Mass protests against Israeli government’s plans to change legal system enter 21st week


Tel Aviv (AP) — Tens of thousands of Israelis gathered on Saturday for the relentless weekly protests against their government’s plans to overhaul the legal system.

The mass protests entered their 21st week. This week’s rallies come days after Prime Minister Benjamin Netanyahu’s coalition of ultra-Orthodox and ultranationalist parties passed a new two-year budget.

The main protest took place in Tel Aviv, drawing thousands of flag-waving protesters.

The passing of the new budget could grant some stability to Israel’s most hard-line government ever. However, it also appeared to fuel the protesters’ views that Netanyahu appeals to his religious allies rather than address the wider economic woes of the broader society.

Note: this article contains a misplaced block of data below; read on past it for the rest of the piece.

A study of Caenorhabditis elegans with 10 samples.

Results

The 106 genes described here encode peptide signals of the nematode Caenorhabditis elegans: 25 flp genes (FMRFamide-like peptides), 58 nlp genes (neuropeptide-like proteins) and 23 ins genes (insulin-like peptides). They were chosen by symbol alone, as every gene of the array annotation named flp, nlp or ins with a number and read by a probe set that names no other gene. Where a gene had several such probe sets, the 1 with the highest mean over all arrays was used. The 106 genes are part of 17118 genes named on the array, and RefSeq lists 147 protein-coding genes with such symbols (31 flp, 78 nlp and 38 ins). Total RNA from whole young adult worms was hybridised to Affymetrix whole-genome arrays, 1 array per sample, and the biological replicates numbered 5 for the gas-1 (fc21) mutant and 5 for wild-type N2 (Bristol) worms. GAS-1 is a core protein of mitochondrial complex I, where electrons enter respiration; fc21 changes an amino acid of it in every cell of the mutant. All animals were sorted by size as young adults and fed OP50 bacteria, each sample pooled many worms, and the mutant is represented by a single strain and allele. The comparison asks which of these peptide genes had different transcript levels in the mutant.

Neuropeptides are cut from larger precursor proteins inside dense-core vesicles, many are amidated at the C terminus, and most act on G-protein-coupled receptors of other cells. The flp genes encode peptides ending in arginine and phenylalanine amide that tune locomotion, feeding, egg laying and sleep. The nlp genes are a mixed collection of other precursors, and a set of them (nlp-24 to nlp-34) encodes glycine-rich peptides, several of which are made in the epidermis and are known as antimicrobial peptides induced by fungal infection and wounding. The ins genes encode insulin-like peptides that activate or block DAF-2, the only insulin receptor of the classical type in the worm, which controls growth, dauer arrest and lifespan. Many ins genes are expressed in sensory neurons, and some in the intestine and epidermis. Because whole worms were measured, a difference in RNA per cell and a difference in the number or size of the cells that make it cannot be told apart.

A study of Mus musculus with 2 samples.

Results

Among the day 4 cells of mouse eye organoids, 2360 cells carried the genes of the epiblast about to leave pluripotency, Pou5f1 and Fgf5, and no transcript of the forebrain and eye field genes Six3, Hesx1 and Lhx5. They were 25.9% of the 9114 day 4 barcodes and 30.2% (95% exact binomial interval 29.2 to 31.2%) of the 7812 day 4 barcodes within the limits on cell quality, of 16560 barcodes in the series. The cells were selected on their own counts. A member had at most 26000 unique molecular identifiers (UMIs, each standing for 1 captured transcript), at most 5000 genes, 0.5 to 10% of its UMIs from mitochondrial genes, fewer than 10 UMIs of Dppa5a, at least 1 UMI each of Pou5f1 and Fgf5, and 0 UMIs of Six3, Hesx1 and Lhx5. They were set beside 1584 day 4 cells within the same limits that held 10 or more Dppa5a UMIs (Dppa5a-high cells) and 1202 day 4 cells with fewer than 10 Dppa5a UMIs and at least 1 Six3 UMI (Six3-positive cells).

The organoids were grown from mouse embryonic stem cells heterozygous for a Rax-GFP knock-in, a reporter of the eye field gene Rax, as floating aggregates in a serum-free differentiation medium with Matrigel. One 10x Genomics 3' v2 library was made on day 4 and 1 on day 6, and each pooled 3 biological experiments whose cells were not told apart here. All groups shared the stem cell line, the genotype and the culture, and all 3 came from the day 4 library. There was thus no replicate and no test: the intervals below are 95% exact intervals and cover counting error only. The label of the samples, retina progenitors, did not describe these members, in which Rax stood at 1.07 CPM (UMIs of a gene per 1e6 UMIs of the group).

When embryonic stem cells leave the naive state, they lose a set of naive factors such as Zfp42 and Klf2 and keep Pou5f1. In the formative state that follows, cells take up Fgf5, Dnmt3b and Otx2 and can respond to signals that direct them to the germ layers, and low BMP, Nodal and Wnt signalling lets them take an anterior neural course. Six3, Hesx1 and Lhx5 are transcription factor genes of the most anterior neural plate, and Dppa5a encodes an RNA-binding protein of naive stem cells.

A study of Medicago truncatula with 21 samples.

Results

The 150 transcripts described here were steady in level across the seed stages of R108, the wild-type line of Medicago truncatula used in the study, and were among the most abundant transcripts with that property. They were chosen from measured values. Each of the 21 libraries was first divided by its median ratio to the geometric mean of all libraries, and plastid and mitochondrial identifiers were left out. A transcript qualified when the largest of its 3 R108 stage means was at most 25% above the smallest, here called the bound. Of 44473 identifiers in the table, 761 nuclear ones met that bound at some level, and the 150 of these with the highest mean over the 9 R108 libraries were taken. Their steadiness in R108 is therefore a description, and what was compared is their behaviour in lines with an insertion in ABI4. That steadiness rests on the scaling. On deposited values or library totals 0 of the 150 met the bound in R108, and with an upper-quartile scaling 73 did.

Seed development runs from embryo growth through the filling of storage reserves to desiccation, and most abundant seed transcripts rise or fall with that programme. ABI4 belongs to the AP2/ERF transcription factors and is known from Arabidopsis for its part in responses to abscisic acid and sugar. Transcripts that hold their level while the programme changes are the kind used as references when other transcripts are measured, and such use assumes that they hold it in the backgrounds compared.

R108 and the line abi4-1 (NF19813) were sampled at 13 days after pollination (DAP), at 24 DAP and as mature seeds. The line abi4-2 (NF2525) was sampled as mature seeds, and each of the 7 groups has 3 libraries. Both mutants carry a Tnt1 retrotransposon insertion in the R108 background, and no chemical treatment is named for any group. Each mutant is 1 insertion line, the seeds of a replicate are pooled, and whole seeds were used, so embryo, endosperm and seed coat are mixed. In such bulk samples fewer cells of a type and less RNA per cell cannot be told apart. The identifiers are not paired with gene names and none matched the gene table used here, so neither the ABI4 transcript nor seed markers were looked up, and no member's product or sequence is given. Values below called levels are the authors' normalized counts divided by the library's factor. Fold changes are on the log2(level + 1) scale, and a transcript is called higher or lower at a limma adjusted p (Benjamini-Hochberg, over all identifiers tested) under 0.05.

“If Israel takes too much power for its own, (our country) will basically become like Poland or Hungary, and we don’t want that,” said Aylon Argaman, a protester.

Organizers of grassroot protests bill them as a movement to save democracy. They say the government’s plans to weaken the Supreme Court would destroy the country’s system of checks and balances and compromise Israeli democracy.

Proponents of the judicial overhaul say it is needed to rein in an overzealous Supreme Court.

Netanyahu delayed the proposed changes in March, but protest organizers say they want to keep the demonstrations up until the plans are scrapped.

“The government may think we’re starting to get tired after 21 weeks, but even if we are tired, democracy is still more important to us,” said Omer Kidron, another protester.